Belknap Crater is shield volcano in the central Oregon High Cascades. It is located in the Mount Washington Wilderness area (approximately 3 miles north of State Highway 242). Belknap Crater can be accessed by taking the Little Belknap Crater trail that leaves Highway 242 half a mile west of the Dee Wright Observatory at the summit of the McKenzie Pass. A Northwest Forest Permit is required. There is no "developed" trail to Belknap Crater and its summit. However, the easiest route is from the north following a ridge. To access this ridge, continue north on the Pacific Crest Trail past Little Belknap Crater for 0.4 - 0.5 mile and then head cross-country to the left (west) to the ridge. The ridge is visible from the trail. The climb is somewhat challenging in that it is up a rather steep slope in loose cinders. Not unlike climbing a sand dune, actually. The trip down, however, is quite easy, as it is basically no more than "skiing" in the cinders. The crater is partly forested. Views from the summit include the North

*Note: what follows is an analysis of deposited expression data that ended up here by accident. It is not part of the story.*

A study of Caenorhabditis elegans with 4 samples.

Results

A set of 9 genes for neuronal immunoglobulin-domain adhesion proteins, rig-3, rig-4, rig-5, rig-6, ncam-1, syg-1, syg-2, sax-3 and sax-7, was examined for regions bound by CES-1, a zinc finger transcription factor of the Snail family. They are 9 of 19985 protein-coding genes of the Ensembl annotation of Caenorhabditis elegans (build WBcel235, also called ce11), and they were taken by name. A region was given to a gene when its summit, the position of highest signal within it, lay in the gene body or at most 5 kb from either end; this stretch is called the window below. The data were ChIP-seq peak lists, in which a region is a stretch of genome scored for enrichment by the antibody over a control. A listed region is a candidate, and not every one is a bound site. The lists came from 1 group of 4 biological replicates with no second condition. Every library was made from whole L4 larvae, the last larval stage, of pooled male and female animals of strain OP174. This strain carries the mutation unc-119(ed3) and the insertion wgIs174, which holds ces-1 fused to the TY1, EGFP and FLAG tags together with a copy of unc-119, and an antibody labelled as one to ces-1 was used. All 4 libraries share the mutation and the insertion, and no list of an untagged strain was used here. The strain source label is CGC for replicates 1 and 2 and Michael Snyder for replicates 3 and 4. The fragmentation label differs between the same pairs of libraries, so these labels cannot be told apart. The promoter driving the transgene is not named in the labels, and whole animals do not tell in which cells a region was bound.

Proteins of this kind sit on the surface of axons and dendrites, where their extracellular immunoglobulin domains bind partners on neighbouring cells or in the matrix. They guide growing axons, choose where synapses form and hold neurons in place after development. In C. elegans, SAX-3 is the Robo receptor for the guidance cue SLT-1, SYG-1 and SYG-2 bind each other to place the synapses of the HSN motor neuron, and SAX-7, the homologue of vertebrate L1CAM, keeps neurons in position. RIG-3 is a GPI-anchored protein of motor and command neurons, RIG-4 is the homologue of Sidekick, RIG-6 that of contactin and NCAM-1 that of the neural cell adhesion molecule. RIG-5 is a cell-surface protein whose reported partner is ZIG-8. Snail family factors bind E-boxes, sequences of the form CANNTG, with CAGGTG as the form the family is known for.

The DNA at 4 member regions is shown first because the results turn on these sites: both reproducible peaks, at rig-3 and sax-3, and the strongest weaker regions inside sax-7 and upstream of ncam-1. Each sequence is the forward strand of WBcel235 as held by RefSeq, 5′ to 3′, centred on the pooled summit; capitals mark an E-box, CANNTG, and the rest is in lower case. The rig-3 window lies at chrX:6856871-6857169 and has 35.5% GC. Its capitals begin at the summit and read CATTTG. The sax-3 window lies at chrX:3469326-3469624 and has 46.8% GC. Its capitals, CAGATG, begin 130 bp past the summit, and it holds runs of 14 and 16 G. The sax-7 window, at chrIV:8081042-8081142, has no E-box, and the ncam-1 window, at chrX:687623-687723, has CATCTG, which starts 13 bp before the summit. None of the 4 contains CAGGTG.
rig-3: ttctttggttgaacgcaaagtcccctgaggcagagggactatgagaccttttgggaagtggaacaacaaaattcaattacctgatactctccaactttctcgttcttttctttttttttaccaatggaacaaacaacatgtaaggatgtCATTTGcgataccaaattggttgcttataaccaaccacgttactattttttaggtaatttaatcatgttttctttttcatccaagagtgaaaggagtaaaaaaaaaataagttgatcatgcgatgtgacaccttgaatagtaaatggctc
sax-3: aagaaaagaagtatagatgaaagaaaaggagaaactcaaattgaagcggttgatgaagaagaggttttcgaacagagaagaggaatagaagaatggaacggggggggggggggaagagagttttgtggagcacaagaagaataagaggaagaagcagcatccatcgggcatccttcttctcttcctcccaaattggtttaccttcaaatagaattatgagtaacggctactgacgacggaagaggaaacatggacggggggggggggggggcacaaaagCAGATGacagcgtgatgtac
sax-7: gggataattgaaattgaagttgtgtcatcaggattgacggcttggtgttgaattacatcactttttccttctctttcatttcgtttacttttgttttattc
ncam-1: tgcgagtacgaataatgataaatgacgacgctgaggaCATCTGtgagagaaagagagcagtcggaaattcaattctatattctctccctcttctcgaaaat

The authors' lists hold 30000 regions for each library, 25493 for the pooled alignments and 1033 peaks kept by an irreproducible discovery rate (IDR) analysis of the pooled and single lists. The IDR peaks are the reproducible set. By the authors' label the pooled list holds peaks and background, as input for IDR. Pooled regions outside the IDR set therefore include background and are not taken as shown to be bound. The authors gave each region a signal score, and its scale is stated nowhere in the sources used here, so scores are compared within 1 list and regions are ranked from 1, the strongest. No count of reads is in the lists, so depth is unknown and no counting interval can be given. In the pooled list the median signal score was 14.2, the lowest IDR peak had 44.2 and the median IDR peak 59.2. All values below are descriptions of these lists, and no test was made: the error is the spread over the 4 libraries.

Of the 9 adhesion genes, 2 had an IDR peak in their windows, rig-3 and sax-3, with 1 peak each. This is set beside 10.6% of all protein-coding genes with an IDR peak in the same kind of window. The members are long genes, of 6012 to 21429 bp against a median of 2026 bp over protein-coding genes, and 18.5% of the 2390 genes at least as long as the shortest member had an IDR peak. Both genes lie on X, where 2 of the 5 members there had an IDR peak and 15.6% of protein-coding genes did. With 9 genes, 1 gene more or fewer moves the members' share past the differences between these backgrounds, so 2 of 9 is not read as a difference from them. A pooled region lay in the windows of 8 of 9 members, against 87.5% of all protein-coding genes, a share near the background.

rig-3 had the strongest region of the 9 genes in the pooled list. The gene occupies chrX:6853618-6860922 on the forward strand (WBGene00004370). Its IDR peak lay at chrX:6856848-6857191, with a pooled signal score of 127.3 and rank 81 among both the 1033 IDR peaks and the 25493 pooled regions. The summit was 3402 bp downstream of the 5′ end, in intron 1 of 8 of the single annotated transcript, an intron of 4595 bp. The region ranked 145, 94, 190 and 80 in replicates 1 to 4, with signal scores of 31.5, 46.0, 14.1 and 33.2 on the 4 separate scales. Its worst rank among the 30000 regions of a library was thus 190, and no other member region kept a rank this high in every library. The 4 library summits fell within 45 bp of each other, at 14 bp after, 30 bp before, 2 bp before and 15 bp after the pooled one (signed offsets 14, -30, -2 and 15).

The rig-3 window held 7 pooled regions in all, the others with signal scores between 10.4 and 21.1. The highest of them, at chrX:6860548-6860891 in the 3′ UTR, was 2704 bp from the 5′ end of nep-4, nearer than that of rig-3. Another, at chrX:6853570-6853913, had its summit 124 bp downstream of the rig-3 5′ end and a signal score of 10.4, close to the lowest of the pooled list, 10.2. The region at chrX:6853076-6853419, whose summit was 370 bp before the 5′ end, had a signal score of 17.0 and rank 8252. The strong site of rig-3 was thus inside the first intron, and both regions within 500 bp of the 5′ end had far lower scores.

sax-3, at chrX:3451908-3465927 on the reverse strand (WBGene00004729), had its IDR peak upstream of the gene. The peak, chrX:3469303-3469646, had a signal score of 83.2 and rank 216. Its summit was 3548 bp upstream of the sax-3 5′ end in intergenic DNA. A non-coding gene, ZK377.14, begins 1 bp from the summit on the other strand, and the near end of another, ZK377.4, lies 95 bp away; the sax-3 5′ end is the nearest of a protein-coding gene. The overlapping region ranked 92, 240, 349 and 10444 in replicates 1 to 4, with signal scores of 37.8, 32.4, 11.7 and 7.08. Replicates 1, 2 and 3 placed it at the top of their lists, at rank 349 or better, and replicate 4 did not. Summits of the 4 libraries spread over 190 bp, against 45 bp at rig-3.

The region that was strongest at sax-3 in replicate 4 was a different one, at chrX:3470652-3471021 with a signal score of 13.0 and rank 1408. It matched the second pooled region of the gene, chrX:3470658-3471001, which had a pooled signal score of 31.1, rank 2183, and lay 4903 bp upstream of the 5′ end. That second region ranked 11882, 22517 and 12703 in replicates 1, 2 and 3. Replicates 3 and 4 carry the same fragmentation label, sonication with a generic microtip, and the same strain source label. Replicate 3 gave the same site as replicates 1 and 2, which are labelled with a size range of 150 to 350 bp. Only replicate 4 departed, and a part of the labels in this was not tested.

and Middle Sister
s, Black Crater
, Mount Washington
, and the rest of the McKenzie Pass area.
How To Get There
Drive on Highway 242 to the McKenzie Pass area. Go 0.5 mile west of the Dee Wright Observatory and pull off at a parking area that is identified by a Pacific Crest Trail (PCT) marker (a triangular marker). This is the trailhead for Little Belknap Crater, a satellite peak of Belknap. However, to get to Belknap Crater, you must go on the Little Belknap trail a ways, then turn off the trail to climb Belknap. See "Routes" for more information.
No permits are necessary to park in the parking area or to enter the Wilderness area (Belknap is located within the Mount Washington Wilderness).
Mountain and Pass Conditions
Conditions for the McKenzie Pass area can be found at the McKenzie Ranger District
When to Climb
The time to climb Belknap Crater is from mid-July to October (when the McKenzie Pass is open). Unfortunately, it often gets very hot in the summer. Bring a lot of water.